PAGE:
Brazil is not only a hot spot for athletes right now. It's also attracting a growing number of people seeking more affordable options for cosmetic surgery.

Despite the country's recession, the number of surgeries has increased 10 percent each year since 2010, according to the Brazilian Society for Plastic Surgery. Brazil is second to only the United States in the number of cosmetic surgeries performed.

For 42-year-old Gennifer Williams from Nashville, Tennessee, a medical tourism trip to Brazil has been life changing.

Williams said she lost 95 pounds via lap band and was looking for a way to remove her extra skin. She did research and ultimately picked Brazil to have her procedures done because she wanted a country that was comfortable dealing with brown skin.

Williams had a tummy tuck, a Brazilian butt lift, a breast augmentation and liposuction. Not only did she pay thousands less than she would have in the U.S. but she said she received incredible care.

"I had a nurse and a companion with me at all times. They grocery shopped, they cooked for me, they gave me my medicine. They did everything for me," she said.

Brazil's cosmetic surgery industry is seeing a big boost by patients like Williams. So-called medical tourists, who travel to another country for medical care, are coming in droves. And Brazil is catering to them.

A plastic surgeon and his team perform surgery in Rio de Janeiro, Brazil.
Christopher Pillitz | Getty Images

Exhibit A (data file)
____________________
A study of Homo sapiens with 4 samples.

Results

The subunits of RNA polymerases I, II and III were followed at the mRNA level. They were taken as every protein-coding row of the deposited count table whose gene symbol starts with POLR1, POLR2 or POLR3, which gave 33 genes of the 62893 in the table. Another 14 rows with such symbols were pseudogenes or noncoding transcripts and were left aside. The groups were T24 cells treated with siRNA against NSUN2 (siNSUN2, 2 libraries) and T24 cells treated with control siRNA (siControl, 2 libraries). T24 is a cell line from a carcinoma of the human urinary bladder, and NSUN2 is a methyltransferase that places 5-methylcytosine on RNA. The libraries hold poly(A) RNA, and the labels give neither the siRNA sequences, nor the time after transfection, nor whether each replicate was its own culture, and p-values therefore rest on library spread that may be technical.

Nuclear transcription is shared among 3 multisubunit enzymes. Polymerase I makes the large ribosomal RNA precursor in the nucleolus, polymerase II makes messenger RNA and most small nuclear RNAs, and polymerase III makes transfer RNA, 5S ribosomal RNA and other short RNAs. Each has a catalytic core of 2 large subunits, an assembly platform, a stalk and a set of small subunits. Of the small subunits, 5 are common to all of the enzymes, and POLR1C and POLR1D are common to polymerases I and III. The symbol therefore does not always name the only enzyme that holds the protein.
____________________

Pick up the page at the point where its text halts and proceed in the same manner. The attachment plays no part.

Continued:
A plastic surgeon and his team perform surgery in Rio de Janeiro, Brazil.

"Before the surgery, they come and spend some days to do tourism. ... They want to see Brazil. While they do pre-op exams, EKG, and consult …they enjoy the country," said Bianca Bitner of Cosmetic Vacations, a travel agency for medical tourists to Rio.

And it's all taken care of. Reps make doctors' appointments, arrange travel, recommend restaurants. It's part medical consultant, part concierge service.

"If I would have had my surgery in the U.S., I would have been on my own as far as I wouldn't have had a nurse with me around the clock," said Williams.

While medical tourism originated as a way for people in developing countries to travel to more developed nations for treatment not available to them, it's evolved. Today, people in the wealthier nations are coming to the less developed countries in search of a bargain.

"Here in Brazil, you are going to find prices 30 to 50 percent less than in the U.S. with the same quality of services," Bitner said.

For Luiz Haroldo, a surgeon in Copacabana with 40 years' experience, 10 percent of his referrals come from cosmetic vacations. His specialty is performing multiple surgeries at once.


Gennifer Williams


That's part of the appeal for patients who travel across the globe in search of beauty. "One stop shopping," he calls it.

Of course, not all patients have had the positive outcome and life-changing results that Williams saw. Experts say that all surgery has risks, and adding the variable of traveling as a foreigner creates even higher risks.

Despite that, it doesn't seem to be deterring patients.

Medical tourism to Brazil is expected to grow 45 percent over the next five years, according to the International Medical Travel Journal.

Williams said she plans to travel back to Brazil for more. However, she knows it's not without its risks when it comes to follow-up care. "The one thing that I will say I was concerned about was being over here taking care of my own care once I got back after my two weeks. I was like OK, what if something does go wrong?"